Zero Trust is gaining broad adoption among cybersecurity teams. The recent AT&T Cybersecurity InsightsTM Report finds that 94% of survey participants are either researching, implementing, or completed implementation of Zero Trust. Indeed, the Zero Trust journey is well underway!
The Zero Trust premise is the traditional methods of securing the "four walls" of an organization are outmoded and pose security risks. The fundamental tenet of Zero Trust is trust nothing and verify everything.
This principle is based on core values that the network is hostile and under constant threat. Based on this assumption, policies are developed to limit the level of risk.
The Zero Trust framework can be summed up as:
- The network is always assumed to be hostile
- Threats, internal and external, always exist on the network
- Network location is not sufficient for determining trust in a network
- Every device, user, and network flow is authenticated and authorized
- Policies must be dynamic and derived from as many data sources as possible
Adoption of a Zero Trust approach means security professionals need to be confident their organization views security from both a business and technical lens, and at a minimum include the following six elements:
Network segmentation – This is considered the foundation of Zero Trust. By segmenting networks into smaller networks, organizations remove the weakness of a traditional network model. Without segmentation, an adversary only needs to exploit a single network to gain access to sensitive data and the wider infrastructure.
Identity and access management (IAM) – IAM grants access to information that meets a pre-determined level of authentication and authorization. IAM uses multi-factor identification to make sure only those verified are granted access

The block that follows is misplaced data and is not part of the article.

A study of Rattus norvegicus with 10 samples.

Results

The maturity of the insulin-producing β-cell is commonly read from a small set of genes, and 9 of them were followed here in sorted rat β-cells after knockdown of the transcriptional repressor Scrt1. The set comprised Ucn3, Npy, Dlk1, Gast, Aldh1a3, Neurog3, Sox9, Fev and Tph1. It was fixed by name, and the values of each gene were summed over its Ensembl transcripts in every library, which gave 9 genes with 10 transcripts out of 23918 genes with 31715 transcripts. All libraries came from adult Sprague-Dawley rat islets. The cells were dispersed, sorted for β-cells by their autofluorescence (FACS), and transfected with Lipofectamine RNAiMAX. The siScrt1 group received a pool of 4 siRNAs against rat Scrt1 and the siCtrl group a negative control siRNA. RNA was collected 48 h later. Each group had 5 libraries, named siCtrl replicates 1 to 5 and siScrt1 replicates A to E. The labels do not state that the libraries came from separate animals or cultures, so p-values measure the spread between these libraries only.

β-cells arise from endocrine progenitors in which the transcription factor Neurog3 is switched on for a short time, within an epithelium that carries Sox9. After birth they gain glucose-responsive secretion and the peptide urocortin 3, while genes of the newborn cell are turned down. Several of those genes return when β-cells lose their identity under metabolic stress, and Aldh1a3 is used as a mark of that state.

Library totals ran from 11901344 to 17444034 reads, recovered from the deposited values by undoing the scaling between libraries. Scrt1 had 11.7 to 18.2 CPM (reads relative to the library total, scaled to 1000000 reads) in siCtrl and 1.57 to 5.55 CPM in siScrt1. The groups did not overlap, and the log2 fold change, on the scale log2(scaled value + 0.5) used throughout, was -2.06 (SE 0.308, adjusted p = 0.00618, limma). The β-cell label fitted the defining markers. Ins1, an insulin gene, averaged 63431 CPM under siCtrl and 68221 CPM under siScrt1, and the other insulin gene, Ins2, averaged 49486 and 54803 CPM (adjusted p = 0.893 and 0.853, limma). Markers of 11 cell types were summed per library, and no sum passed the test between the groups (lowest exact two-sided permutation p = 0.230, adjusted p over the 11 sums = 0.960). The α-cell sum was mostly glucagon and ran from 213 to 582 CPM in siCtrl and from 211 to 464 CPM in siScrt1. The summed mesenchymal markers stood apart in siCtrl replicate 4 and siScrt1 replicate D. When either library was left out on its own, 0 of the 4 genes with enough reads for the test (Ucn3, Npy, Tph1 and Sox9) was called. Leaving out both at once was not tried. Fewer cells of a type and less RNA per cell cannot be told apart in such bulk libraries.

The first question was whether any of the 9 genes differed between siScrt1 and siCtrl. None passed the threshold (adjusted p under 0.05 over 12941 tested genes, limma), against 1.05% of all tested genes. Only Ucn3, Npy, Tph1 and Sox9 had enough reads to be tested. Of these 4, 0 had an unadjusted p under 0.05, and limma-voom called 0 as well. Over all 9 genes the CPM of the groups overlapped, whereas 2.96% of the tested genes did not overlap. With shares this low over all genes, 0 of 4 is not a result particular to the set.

Firewall and least privilege access – Similar to network segmentation, this technology acts as a buffer to information while only permitting access to those that have genuine business needs. For example, a systems engineer would not need access to sensitive human resources data for their job.
Data security – Data security is necessary to help mitigate data breaches and avoid leaks. Data security becomes more critical as enterprises implement IaaS, SaaS , and edge computing. With these internet connected systems, malicious actors have more access points to exploit and compromise sensitive data. Additionally, it helps organizations comply with global data privacy and security regulations
Configuration management – Security departments frequently are resource constrained. A configuration management system provides an inventory of known devices connected to the network and contains automation capabilities for implementing security policies that may be missed by humans. Reducing human error is a big part of implementing Zero Trust.
SIEM (Security Information and Event Management) – SIEMs provide the centralized visibility an organization seeks regarding its security environment centralized, allowing the security team to act and deter potential threats in real-time.
Organizations should seek advice from a trusted cybersecurity consultancy to understand how to best implement a Zero Trust framework. Remember, Zero Trust is a journey, not a destination.